If you scrape together bits and pieces of Soft Kill’s history you will most likely find a sordid story of adversity, addiction, nomad-ism, fatherhood and, ultimately, some sort of redemption. I wouldn’t even begin to know where to start here (so I won’t try), But the sum of these elements is some of the most interesting modern post punk available anywhere today.
Yes, they are the real thing. Their debut LP (2011’s “An Open Door”) absolutely ruined me. I was forever cursed with a fruitless search to find anything that even approximated the spirit they captured on this album.
Eight years on and the curse still grips me. Snatches of bands that come close (Soviet Soviet, Motorama, etc.) and a virtual sea of fucking pretenders have resulted in my acceptance of the fact that darkness cannot be forced. By darkness, I mean sleek, razor’s-edge, fashionable, unaffected darkness. Darkness that comes from lived experience, not a synthesizer and an “Unknown Pleaures” tee. Darkness that speaks of hope and beauty.
At the time of “An Open Door”, Soft Kill had literally no internet presence. It seems like there was maybe one picture of them to be found on google. You couldn’t just look them up and imbibe their entire bio in one sitting while idly glancing up at “Orange is the New Black” or whatever. There was no tour info. No roster of members anywhere.
Could ghosts have made this record?
I was intrigued, to say the least. Living in an age where it seems like my favorite artists just can’t seem to shut the fuck up for a few seconds and try being mysterious, it was refreshing. I’ll admit (and you would too, if you were honest) I’ve had more than a few great bands ruin themselves for me by constantly posting what they are eating or taking one too many selfies. As a kid, I thirsted for knowledge about bands. The evil genie fuck must have heard my prayers and granted my wish. Now I know the look on their pet’s faces when they eat their own shit. The magician made his own magic disappear.
This wasn’t the case with Soft Kill. When they finally did emerge on Facebook and other places it was still hard to discern what was going on. Sometimes they were from Chicago. Other times, Portland. The lead singer’s name changed with each article. This further intrigued me.
But what was going on during this blackout? That, I don’t know a lot about. I can speculate that vocalist/composer Tobias Graves (Or Toby Sinclair?) was probably undergoing some serious self-reflection. I believe, and could be wrong, that it was a pretty dark (actual darkness, not mall darkness) time for him. I further believe that upon his return he channeled this darkness into his art and has used it to invent a new persona. Soft Kill is now the seminal front-runner in the North American independent post punk revival. Ask anyone that’s familiar with their work. They are serious. They aren’t carbon-copies of their fore-bearers; They are separate extensions of them.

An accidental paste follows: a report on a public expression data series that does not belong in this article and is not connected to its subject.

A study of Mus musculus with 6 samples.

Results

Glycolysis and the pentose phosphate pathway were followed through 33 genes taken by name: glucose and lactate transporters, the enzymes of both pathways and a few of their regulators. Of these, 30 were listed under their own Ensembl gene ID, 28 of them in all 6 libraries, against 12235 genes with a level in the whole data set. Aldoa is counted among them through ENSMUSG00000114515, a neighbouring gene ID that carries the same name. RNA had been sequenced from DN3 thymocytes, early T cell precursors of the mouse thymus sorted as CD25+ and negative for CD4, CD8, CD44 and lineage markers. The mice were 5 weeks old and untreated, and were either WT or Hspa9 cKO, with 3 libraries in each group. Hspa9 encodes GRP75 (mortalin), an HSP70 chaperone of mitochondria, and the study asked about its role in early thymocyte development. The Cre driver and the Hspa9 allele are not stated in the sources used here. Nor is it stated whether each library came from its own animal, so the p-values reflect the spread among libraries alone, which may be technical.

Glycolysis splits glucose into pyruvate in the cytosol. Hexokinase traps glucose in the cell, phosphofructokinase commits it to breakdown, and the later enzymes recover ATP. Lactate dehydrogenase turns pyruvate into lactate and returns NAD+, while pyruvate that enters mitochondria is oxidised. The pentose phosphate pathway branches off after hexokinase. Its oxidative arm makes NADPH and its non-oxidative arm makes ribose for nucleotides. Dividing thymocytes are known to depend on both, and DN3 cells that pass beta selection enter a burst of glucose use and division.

The Ghost has found its vessel
I sat down to write about their new 7” single, on which they collaborated with Choir Boy, of Utah.
Anyone who reads me often knows that a review is never going to be just a review. We, at Wired Wrong, write about life; not music. Music is terrible.
But a stark exception to that would be Soft Kill/Choir Boy’s “Saint”:
Here Soft Kill steps out of their more traditional means to a musical end with a tune that is far more electronic than we are used to. Synthesizers swirl over a driving beat that is, in a world oversaturated with such things, extremely cool and exciting. The swapped vocals are unintelligle, for the most part, but come through well as their own, isolated instruments. The contrast between Choir Boy’s Adam Klopp on the verses and Tobias Graves’ choruses paint a lovely soundscape, as both are accomplished singers of opposing ranges. The overall feel is of danceable, indulgent ominousness.
You can pick up the 7” over at Soft Kill’s big cartel (https://softkillsoftkill.bigcartel.com/) or stream it at any of the usual places.
I, for one, am glad that Soft Kill continues to make music. At one time, I almost questioned their very existence. They have come back and far exceeded my wildest expectations. They are a great story. They are a phenomenal band.